Net6 offers twist on remote access

Mar 15, 20043 mins
NetworkingRemote Access

Net6 has introduced a gateway aimed at letting users gain full network access to corporate applications using a lightweight client or just a Web browser to connect. The company says its Net6 VPN Gateway solves drawbacks of two popular Internet-based access methods: IPSec VPNs and Secure-Sockets-Layer-based remote access.

Net6 has introduced a gateway aimed at letting users gain full network access to corporate applications using a lightweight client or just a Web browser to connect. The company says its Net6 VPN Gateway solves drawbacks of two popular Internet-based access methods: IPSec VPNs and Secure-Sockets-Layer-based remote access.

While the technologies have similar characteristics, they have differences that matter to customers. For instance, employees of e-mail security service provider Postini use Net6 VPN Gateway instead of a Cisco IPSec gateway because it is easier to distribute the necessary client software and to administer, says Jon Prall, Postini’s vice president of engineering.

Net6 remote-client software is a Web download that updates itself each time users log on to a gateway. The Cisco gear requires installing the client, he says. The client makes an SSL connection to the Net6 VPN Gateway, which sits between a corporate firewall and servers the remote machine is trying to reach. The gateway terminates the SSL tunnel and acts as a go-between with servers on the corporate network.

In addition, the Net6 gear requires no reconfiguration of employees’ home firewalls as IPSec does, according to Prall, because it uses just ports commonly left open for SSL.

SSL remote-access gear also has lightweight clients or uses Web browsers, but Net6 says its gear gets around drawbacks that SSL remote access has. For instance, the Net6 Gateway supports all applications at the network layer, so the applications they access appear as they do on a LAN. This is also true of IPSec VPNs. Some SSL remote-access equipment has limits on the applications it can access or it displays applications with different interfaces than end users are used to.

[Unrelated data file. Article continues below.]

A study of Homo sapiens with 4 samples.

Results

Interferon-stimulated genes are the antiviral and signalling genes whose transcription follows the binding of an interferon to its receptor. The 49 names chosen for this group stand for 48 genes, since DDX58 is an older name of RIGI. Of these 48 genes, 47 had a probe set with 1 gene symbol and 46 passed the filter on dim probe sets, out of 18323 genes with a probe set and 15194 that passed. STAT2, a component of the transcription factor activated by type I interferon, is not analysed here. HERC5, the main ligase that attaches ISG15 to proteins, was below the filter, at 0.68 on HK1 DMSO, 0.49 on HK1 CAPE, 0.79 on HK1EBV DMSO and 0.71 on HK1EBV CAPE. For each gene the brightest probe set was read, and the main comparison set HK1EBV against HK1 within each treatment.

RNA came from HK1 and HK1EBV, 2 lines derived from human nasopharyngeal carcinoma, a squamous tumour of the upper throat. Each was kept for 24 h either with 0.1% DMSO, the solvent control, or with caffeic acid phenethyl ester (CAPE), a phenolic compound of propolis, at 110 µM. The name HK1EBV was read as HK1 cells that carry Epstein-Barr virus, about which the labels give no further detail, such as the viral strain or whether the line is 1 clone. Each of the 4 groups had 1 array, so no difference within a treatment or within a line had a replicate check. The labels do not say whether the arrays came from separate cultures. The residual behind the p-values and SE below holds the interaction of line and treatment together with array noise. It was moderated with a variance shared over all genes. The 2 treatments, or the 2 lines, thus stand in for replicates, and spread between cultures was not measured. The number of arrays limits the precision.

Net6 says that while SSL remote-access products must be upgraded when a specific application is upgraded, Net6’s software does not. These upgrades generally include alterations to the client/server protocols that require changes in the custom connectors within SSL remote-access software. Net6 intercepts traffic at Layer 2, so does not have to deal with these protocol changes.

The fact that Net6 gear proxies traffic insulates the network it protects from worms. Worms seeking IP addresses to find vulnerable machines might hit the address for the Net6 Gateway, but polling by the worms will not be authenticated nor contain proper information for being passed on to internal IP addresses, Net6 says.

This feature drew data-migration vendor Rainfinity to test Net6 gear for use by its employees who need to access corporate resources, says Curt Jernigan, director of IT at the San Jose company. He avoided IPSec VPNs because they create network-layer tunnels with direct access to internal IP addresses. “I just wanted to make sure there wasn’t any door left open to allow in any worms,” he says.

Net6 says its gear supports real-time applications such as voice and video, and because the SSL tunnel it uses employs just firewall Port 443, it solves network address translation problems that IP softphones would have crossing firewalls without a tunnel.

When Net6 Gateway and Net6 Remote are ready to ship next week, they will support Windows 2000 and XP desktops. The company says it is developing clients for Linux and Macintosh operating systems.

The gateway costs from $160 per user for 50 users, to $11 per user for 2,000 users.